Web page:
The Russian `Ball of Liberty' Is on a Roll

By , Albert L. Weeks, professor of international relations at New York University and the author of several books on Soviet politics, has just completed biographies of 500 Soviet officials.

`IF there are 100 Russians in a room, there will be 100 political parties in the same place,'' wrote ``Argus,'' pen name of a late Russian-'emigr'e humorist for Novoye Russkoye Slovo, a New York daily. Russians, he insisted, are born democrats whom a string of unfortunate historical accidents doomed to epochs of autocracy and the knout.

The columnist's argument can be supported by several examples drawn from Russian history. It is a record that bodes well for a democratic future in Soviet Russia, if present trends, as symbolized in the recent election of the Congress of People's Deputies and the campaigning that preceded it, continue.

Some Westerners forget that Russia has known periods of democracy. They go back as far as the popular assemblies in Novgorod and Yaroslavl in the 11th and 12th centuries, and extend to the brief period of the four Dumas in the early 20th century.


Some Western and most Soviet historians used to belittle such Russian democratic institutions on Marxist grounds that the class structure of these towns precluded true democracy. The same pall was cast over the Dumas. Soviet historiography obviously looked upon this prerevolutionary parliament with jaundiced eye, ignoring that for Lenin this was truly budding democracy (which, of course, he sought to exploit rather than respect).

Some historians still insist that democracy could not possibly have existed in Russia in any form some 90 years ago, given that country's ``semi-feudal, pre-bourgeois'' socioeconomic status. Recently, however, a number of new Soviet historians and some Western ones have disputed what they call a ``bias'' about the lack of democracy in pre-1917 Russia.

They deny that pre-communist Russia was everywhere and at all times ``enslaved,'' that the ``easily cowed'' Russian people throughout their 1,000-year history have known nothing but ``Tsar-Batyushka'' autocracy. Completely forgotten, they insist, is the fact that the first two Dumas of 1904 to 1907 burst on the scene with a plethora of parties reflecting wide-ranging political views from left to right. About 10 parties together with their splinter groups produced animated debates and newspapers of many political colorings that would make the assertion of ``Argus'' look like an understatement.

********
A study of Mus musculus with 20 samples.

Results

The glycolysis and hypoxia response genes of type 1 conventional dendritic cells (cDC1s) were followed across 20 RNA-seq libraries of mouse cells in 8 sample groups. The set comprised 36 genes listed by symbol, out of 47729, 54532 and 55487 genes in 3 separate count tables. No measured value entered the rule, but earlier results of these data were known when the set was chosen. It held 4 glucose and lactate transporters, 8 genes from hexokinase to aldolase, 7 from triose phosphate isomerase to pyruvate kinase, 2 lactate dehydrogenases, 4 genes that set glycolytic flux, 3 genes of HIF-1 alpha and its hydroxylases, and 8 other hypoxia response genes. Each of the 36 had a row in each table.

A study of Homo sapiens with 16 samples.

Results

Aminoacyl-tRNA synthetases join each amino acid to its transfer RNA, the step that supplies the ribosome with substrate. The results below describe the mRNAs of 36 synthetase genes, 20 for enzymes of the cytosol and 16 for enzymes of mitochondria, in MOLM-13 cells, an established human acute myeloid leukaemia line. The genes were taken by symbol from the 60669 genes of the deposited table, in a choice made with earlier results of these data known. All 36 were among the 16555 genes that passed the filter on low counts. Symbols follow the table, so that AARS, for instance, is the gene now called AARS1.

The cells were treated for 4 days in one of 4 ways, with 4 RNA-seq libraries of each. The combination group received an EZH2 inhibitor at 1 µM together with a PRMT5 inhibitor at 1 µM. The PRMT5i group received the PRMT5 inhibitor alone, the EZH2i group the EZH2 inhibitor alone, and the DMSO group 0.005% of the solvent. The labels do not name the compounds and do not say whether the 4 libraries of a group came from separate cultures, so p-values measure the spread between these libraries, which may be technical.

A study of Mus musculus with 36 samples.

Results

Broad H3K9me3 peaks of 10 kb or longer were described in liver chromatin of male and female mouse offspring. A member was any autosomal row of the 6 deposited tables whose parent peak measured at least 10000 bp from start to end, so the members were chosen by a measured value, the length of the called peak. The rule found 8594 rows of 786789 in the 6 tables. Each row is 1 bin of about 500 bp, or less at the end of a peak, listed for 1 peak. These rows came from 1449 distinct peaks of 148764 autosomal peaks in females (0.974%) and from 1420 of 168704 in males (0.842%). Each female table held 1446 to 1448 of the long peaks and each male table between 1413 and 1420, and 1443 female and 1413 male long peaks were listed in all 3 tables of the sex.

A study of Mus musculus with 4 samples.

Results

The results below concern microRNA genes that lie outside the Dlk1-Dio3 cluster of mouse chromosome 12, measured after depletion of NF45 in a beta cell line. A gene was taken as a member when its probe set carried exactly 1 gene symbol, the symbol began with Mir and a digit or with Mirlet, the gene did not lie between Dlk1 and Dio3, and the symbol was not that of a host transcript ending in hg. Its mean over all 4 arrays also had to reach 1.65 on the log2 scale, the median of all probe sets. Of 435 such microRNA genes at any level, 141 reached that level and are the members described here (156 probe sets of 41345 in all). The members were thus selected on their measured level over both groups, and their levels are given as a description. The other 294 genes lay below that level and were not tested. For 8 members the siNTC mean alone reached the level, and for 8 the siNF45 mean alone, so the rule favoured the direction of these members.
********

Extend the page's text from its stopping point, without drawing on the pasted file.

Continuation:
In the context of prerevolutionary Russian democratic experience, one could also cite the bottom-to-top, locales-to-center organized zemstvos, or freely elected county councils, whose contribution to Russia's proud ``liberal tradition'' extends from 1864, when they were first created, to World War I, when they had become a firmly entrenched sociopolitical institution. Many political reformers at the time and since, such as Dr. Andrei Sakharov, have hoped for a zemstvo-like central legislative soviet (council) that would be truly representative of Russia and its many national, ethnic, and politico-territorial subdivisions and groupings. The Congress of People's Deputies and its offspring, the 542-member Supreme Soviet, may be spring shoots of just such an institution.

Well, then, when will a Soviet ``Federalist Papers'' be written and a truly democratic Russian republic, based upon a solid liberal-democratic rule, emerge?

One need only glance around the rest of what used to be called the Soviet ``client states'' of Eastern Europe to see writing on the wall.

Most outstanding in democratic trailblazing throughout the bloc is Hungary. Within a few years, multi-party government may well be instituted in that country. Not far behind it is Yugoslavia, followed closely by the largest bloc country, Poland.

As Thomas Jefferson said, once the ``ball of liberty'' gets rolling, there is little that can stop it. Even Mikhail Gorbachev speaks openly of the ``impossibility'' of ever turning back. He insists that ``more democratization'' is the wave of the future for his country.